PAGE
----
RICHARD N. PERLE is leaving government service in Washington partly because he wants to write a book, which can be done only from the outside. Otherwise he would be accused of profiting unfairly from public office. But there is more to it than that. He is the latest, but not the last, of the people who came to Washington with Ronald Reagan who are known among those who have worked with them as ideologues and who have had to leave because of overzealousness in some cause or other.
The word ideologue has taken on a special meaning in the Washington of Ronald Reagan. It is applied currently to people who have some special idea about what government should do or seek. The idea is important above all else in their work. They pursue their special goal zealously. They exhibit in their pursuit of their favorite idea an indifference to existing law and the will of Congress.
Anne Burford was in the above sense an ideologue. She was entrusted with environmental protection. She believed so strongly that business interests should take precedence over environmental protection that she was nearly jailed for contempt of Congress. She had to go.
James Watt believed that the national parks, forests, and grange land existed for private profit. He too ignored the will of Congress, and had to go.
Anne Burford and James Watt were ideological about matters domestic. There has been another category of foreign-policy ideologues in the Washington of Ronald Reagan who have had strong influence on policy.
The central idea in Richard Perle's thinking is the eternal enmity of the Soviet Union. He evolved his anti-Sovietism in years of service with former Democratic Sen. Henry (Scoop) Jackson. He became an important member of a special group of people who called themselves ``neoconservatives.'' They were former liberal Democrats who joined the Reagan bandwagon in 1980 because of attitudes toward the Soviet Union. They built their whole foreign-policy approach on the assumption that the Soviet Union really is an ``evil empire'' with which the United States can find no common ground.
The neoconservatives have favored an economic blockade of the Soviet Union, a massive arms buildup, support for anticommunist movements anywhere, and the shunning of agreements of any kind with the Soviets. They have opposed new arms control agreements and favored breaking out from under existing SALT I and SALT II agreements and the terms of the ABM Treaty.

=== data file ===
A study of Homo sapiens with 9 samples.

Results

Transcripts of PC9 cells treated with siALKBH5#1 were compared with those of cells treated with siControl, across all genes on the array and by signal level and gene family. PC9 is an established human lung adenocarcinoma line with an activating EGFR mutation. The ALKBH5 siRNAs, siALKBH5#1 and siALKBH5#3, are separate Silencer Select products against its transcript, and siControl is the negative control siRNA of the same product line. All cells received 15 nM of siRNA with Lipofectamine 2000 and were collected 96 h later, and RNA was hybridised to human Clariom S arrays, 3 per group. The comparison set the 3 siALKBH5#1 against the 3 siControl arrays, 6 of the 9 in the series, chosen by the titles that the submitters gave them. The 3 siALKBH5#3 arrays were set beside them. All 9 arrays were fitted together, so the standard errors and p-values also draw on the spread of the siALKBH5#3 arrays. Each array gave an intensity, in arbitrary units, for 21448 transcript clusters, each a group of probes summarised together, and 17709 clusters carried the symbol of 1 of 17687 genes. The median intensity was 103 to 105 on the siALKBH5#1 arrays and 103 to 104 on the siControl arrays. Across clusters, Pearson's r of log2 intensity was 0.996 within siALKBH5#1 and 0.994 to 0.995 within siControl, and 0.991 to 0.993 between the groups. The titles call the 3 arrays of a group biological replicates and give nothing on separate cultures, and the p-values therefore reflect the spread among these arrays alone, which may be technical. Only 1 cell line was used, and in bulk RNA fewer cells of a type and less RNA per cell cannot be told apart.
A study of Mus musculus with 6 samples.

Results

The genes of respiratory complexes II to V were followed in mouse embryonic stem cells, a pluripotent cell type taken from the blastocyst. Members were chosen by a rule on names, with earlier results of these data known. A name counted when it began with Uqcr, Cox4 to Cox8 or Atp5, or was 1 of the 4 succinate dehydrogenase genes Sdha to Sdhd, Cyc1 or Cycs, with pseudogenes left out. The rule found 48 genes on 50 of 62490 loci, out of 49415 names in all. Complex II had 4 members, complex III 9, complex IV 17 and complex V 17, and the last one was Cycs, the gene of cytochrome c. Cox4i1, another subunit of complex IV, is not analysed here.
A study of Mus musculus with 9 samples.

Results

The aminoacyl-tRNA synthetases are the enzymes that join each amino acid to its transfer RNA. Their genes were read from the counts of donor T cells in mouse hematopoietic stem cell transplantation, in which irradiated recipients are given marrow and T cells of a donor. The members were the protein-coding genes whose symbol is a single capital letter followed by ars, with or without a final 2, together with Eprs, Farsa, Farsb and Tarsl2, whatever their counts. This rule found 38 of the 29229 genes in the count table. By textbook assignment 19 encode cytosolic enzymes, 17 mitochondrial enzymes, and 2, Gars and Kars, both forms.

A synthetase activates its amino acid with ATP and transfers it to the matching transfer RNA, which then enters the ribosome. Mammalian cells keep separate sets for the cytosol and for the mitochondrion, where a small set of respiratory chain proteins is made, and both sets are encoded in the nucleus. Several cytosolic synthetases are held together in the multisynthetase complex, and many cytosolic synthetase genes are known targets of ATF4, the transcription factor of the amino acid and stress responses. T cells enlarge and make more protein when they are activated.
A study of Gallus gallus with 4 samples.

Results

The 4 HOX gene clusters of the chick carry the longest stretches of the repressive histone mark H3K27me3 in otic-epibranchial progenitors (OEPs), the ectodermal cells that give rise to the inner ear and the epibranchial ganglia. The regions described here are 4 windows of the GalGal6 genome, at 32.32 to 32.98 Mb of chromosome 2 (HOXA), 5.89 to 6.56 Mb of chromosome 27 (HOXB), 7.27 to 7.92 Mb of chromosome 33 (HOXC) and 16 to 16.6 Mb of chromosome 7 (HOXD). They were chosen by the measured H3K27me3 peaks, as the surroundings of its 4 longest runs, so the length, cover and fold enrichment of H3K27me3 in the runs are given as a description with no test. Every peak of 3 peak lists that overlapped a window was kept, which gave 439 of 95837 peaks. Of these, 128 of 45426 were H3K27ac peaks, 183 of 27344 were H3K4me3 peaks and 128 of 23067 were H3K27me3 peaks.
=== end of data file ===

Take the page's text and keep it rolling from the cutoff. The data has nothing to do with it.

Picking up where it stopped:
Richard Allen, the first National Security Council assistant to President Reagan, was a neoconservative. So was Jeane Kirkpatrick, his first-term ambassador to the United Nations. She is remembered in Washington for rationalizing a moral difference between authoritarian dictatorships (on our side) and totalitarian dictatorships (on Moscow's side). She believed in close and friendly ties to white South Africa in spite of apartheid.
Richard Perle has been assistant secretary of defense for international policy since 1981. From the fulcrum of that post he has waged political battle against all proposals for doing business with the Soviets. He is respected for political astuteness and is known at the State Department as ``the prince of darkness.''
On the record Mr. Perle is leaving of his own volition. Yet the fact is that he is out of tune with the new White House of Howard Baker Jr. There is a summit with Mikhail Gorbachev in the minds of the new team at the White House. And there is a possibility of some resolution of the quarrel with Nicaragua by means other than the contras.
The trend in the White House is toward pragmatism in both domestic and foreign policy. The Reagan administration has gradually shed its ideologues of both domestic and foreign variety. The most extreme of all was probably Patrick Buchanan. He went out as Howard Baker came in. There are others of the Perle persuasion left. Elliott Abrams, over at the State Department, is a neoconservative who has supported the contra cause so zealously that he is now in trouble for pursuing a policy in defiance of Congress. When Perle leaves, Mr. Abrams cannot be far behind.